OVERNIGHT ENERGY: Path forward remains murky for EPA nominee McCarthy

Republicans on the Senate Environment and Public Works Committee boycotted the initial vote on that panel to advance McCarthy’s nomination to the full Senate. They said she had not fully addressed concerns about transparency at the agency.

But Democrats say Republicans submitted more than 1,000 questions for McCarthy to answer in an attempt to be “obstructionist.”

“Right now, they have stalled her,” Reid said. “I will do it whenever we can.”


Energy subsidies debated

Panelists will discuss the economic impacts of energy subsidies an event hosted by National Review and conservative energy group the American Energy Alliance (AEA).

The debate will touch on a hot-button issue just as congressional tax-writing panels are set to dig into overhauling the federal tax code, which contains numerous energy provisions.

Speakers at the 12 p.m. event, to be webcast at www.nationalreview.com, include Bob Dinneen, chief executive with the Renewable Fuels Association; Tom Pyle, president of AEA; and Michael Zehr, vice president of federal affairs with HBW Resources.

Electric grid security in focus

Bolstering the electric grid against storms and cyber threats will dominate the discussion at a Friday briefing hosted by the U.S. Energy Association (USEA).

The 10 a.m. event at USEA’s Washington, D.C., offices will explore how low-cost upgrades to equipment and personnel can harden systems against destructive acts.

Steve Mitnick, president of Win.for.Energy and the former top energy adviser to ex-New York Gov. Eliot Spitzer, will speak.


Check out these stories that ran on E2-Wire Thursday ...

— House GOP add pressure on EPA over FOIA fees
— NRC issues post-Fukushima safety rule
— Reid: Keystone XL vote coming
— Interior chief says no new drilling in Atlantic as GOP forges ahead
— Bills boosting states' environmental oversight pass first hurdle
Few objections to fracking rule from oil industry, says Obama's Interior chief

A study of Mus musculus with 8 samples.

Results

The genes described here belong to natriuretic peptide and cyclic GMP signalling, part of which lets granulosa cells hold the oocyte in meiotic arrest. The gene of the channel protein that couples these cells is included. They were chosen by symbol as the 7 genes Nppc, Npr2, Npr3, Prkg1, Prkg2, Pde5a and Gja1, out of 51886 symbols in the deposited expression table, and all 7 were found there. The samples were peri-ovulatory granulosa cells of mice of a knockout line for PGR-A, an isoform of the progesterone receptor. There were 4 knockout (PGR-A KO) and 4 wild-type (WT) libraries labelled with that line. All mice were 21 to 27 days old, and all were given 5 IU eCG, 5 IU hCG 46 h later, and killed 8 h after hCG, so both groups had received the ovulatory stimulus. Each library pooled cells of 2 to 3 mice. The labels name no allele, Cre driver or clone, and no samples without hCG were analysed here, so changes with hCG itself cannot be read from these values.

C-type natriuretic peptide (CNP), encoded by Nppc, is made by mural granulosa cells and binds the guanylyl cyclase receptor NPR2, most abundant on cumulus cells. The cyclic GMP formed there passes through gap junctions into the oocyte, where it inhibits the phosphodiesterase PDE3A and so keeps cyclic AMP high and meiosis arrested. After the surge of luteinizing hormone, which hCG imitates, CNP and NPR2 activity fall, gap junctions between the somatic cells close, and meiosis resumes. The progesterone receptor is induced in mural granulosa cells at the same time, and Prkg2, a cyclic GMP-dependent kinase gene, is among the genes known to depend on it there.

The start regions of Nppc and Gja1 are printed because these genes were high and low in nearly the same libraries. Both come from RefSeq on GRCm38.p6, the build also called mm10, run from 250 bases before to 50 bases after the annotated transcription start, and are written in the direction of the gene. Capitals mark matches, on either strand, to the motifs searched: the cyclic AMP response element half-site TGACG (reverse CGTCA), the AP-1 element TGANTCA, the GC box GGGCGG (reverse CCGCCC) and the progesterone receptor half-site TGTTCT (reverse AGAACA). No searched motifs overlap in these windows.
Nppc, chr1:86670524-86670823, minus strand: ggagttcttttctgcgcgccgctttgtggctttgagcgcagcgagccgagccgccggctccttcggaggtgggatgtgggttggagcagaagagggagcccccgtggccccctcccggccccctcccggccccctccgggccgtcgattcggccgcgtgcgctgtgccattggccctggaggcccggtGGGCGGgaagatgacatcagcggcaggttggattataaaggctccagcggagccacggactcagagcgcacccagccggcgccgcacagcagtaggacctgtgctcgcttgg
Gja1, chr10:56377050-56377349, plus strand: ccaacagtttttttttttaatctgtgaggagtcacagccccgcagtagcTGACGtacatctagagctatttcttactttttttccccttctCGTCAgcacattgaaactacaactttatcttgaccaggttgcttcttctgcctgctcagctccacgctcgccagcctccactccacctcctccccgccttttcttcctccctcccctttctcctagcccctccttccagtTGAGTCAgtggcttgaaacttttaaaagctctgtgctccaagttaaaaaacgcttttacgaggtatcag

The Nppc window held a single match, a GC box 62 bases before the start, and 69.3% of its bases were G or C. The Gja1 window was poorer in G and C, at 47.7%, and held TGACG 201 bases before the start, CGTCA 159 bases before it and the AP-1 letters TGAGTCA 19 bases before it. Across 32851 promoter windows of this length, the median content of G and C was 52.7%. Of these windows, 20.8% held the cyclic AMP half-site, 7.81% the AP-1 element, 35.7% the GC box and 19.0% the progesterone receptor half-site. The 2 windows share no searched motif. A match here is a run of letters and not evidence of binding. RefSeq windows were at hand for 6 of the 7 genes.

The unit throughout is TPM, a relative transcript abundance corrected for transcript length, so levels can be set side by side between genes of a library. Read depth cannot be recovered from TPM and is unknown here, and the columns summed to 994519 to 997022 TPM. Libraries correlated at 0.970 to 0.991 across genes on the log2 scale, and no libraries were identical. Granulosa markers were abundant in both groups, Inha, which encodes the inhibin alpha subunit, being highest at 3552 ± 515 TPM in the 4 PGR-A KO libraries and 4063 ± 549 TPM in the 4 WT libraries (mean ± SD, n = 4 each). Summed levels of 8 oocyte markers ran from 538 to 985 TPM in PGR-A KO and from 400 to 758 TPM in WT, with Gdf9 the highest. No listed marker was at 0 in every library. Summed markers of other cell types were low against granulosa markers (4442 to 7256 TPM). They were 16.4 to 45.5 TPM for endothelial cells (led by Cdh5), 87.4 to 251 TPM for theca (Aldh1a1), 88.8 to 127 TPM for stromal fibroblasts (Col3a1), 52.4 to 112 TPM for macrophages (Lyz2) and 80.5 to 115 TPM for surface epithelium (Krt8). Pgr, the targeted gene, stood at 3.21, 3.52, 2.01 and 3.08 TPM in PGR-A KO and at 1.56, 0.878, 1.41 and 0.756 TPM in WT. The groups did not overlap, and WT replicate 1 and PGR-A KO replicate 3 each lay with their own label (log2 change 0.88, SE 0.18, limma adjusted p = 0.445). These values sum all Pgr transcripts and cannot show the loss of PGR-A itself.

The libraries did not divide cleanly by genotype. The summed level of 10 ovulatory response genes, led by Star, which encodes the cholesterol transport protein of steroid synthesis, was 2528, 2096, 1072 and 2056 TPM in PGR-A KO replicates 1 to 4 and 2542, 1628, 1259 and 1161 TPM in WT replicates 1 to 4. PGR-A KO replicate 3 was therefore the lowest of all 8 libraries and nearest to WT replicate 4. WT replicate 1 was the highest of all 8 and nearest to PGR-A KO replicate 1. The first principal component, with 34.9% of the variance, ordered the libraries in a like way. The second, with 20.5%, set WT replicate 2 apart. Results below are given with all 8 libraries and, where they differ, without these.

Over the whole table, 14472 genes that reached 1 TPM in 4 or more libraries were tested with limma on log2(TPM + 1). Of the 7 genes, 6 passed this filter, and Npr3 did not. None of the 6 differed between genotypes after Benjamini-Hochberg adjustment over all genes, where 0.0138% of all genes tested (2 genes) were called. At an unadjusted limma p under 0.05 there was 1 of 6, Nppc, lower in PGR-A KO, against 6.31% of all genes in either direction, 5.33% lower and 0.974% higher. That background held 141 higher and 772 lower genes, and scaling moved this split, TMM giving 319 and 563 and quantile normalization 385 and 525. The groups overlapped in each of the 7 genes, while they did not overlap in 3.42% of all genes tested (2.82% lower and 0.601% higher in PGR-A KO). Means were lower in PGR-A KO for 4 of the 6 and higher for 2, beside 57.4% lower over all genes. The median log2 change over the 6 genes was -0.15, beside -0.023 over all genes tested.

— Interior pumps brakes on fracking regs
— Former Interior chief Salazar lands new gig
— DOE chief Moniz: Reaction to hairdo 'absolutely excellent' 


Anti-Keystone ad targets Kerry

Secretary of State John KerryJohn KerryIn Europe, Biden seeks to reassert U.S. climate leadership Climate progressives launch first action against Biden amid growing frustration What US policymakers can glean from Iceland's clean energy evolution MORE should side with the EPA’s view that the State Department’s environmental review of the Keystone XL oil sands pipeline was “insufficient,” says an ad campaign launched Thursday.

The anti-Keystone “All Risk, No Reward” coalition is spearheading the effort. The advertisement will run during all major Sunday cable news programs, and is part of a larger initiative aimed at pressuring Kerry.

“It is our hope that he listens to the EPA, examines all of the risks as part of the process he’s going through and stops this potentially devastating pipeline,” Bill Burton, the coalition’s spokesman and a senior adviser with the League of Conservation Voters, said in a statement.

The State Department is in the process of finalizing an environmental impact statement for the Canada-to-Texas pipeline. The agency is currently weighing whether to grant Keystone builder TransCanada Corp. a cross-border permit to finish the pipeline.

The EPA, though, said Foggy Bottom’s draft Keystone analysis contained “insufficient information,” and said it had “environmental objections” to the review.

Pipelines key to doubling Canada’s oil output, says industry group

Canada could potentially double its oil production by 2030 — but it will need pipelines like Keystone XL to get there, says an industry group that represents Canada’s petroleum producers.

From Bloomberg:

“The biggest potential risk is not having enough transportation capacity in time to enable this forecast to go ahead,” Greg Stringham, CAPP’s vice president of markets and oil sands, said in a phone interview from Calgary.

The State Department’s draft environmental review said Keystone would not accelerate oil sands production, noting that rail or other pipelines would bring oil sands to market.

Please send tips and comments to Ben Geman, ben.geman@thehill.com, and Zack Colman, zcolman@thehill.com.